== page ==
If you buy a house in the US, or the UK, or in most countries, and you fail to keep up the mortgage payments, the bank has the right to foreclose on your house, kick you out, and sell the house to someone else. Fair enough. If that happens, the repossession of the house satisfies the buyer's financial responsibility to the bank, and the two parties go their separate ways. It is up to the bank to be careful enough when agreeing to a mortgage so that the value of the house secures its investment. And if not, well, the bank earns interest on the loan because of the risk is it willing to take.
In Spain, if you default on a mortgage, according to the current law, the bank will foreclose on your house, evict you, and, here's the real kicker: make you keep paying the mortgage payments. So, not only do they get whatever equity you put into the house, but they get the house, and they get the rest of the loan. It's barbaric. Meanwhile, the mortgagor is on the street, and if they couldn't pay the payments before, you can help me figure out how they'll pay them with no roof over their head.
Many groups have tried to change the law, to no avail. The most recent attempt is by the PAH (Plataforma d'Afectats per la Hipoteca/Platform for those affected by mortgage) who have submitted a "People's Initiative" (ILP: Iniciativa legislativa popular) to the Spanish Congress. So far, they have collected 1,402,854 signatures in favor of changing the mortgage law with some minimum provisions:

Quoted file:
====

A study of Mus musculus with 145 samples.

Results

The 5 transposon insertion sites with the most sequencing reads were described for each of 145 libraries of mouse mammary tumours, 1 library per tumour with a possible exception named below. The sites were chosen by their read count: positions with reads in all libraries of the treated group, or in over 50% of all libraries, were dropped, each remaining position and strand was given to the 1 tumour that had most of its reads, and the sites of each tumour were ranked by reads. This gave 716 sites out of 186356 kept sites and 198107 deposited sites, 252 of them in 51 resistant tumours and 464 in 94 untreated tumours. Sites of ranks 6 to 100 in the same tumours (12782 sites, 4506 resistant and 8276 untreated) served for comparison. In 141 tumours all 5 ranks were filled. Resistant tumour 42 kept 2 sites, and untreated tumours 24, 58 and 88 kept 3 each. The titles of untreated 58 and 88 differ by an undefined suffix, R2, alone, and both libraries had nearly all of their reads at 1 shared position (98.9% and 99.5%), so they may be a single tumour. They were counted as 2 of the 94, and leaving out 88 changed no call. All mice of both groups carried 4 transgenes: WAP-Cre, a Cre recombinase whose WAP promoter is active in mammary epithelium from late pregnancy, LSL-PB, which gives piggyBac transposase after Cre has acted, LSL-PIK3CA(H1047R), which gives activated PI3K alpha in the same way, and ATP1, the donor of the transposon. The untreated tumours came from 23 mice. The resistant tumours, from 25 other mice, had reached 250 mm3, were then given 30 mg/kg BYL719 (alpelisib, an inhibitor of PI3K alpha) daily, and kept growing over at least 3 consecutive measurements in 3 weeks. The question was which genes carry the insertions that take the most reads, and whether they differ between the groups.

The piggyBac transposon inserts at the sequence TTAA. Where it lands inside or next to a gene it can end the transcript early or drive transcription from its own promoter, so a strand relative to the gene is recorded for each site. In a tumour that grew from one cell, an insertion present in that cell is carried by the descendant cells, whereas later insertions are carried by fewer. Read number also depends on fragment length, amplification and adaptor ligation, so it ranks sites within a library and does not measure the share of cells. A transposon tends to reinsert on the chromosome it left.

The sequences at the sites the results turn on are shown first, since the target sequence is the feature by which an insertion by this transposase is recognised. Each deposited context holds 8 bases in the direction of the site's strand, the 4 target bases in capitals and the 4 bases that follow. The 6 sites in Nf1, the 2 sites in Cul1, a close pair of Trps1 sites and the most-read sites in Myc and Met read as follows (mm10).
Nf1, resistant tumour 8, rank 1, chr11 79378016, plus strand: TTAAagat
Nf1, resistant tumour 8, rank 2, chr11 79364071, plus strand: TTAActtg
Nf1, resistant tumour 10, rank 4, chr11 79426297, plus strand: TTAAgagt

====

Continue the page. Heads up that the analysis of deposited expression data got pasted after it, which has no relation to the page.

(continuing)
• nonrecourse debt, both retroactive and for the future (if the bank forecloses, the debtor is no longer liable for the balance of the payments)
• lodging for those who have been evicted from their houses in empty apartments that belong to banking institutions
• moratorium on primary residence evictions
On Tuesday, the Spanish Congress is slated to vote whether or not to admit the Non-recourse debt ILP for debate. The ruling PP has said it will vote against it, and since it enjoys majority representation in the Spanish Congress, the Non-recourse debt ILP will be effectively dead at that point.
On that same Tuesday, the Spanish Congress will debate a different ILP: one that designates bull fighting as a "Heritage of Cultural Interest" of Spain. Such a law would protect the celebration of bull fighting throughout the Spanish state, and thus overrule the ban on bull-fighting passed in the Catalan Parliament on July 28, 2010.
If that weren't enough, it turns out that the bull-fighting law will be the first Popular Initiative to ever make it to law. It is quite telling—and depressing—that the Spanish Congress can get a law through to force bull-fighting on Catalans, but not update their draconian mortgage system.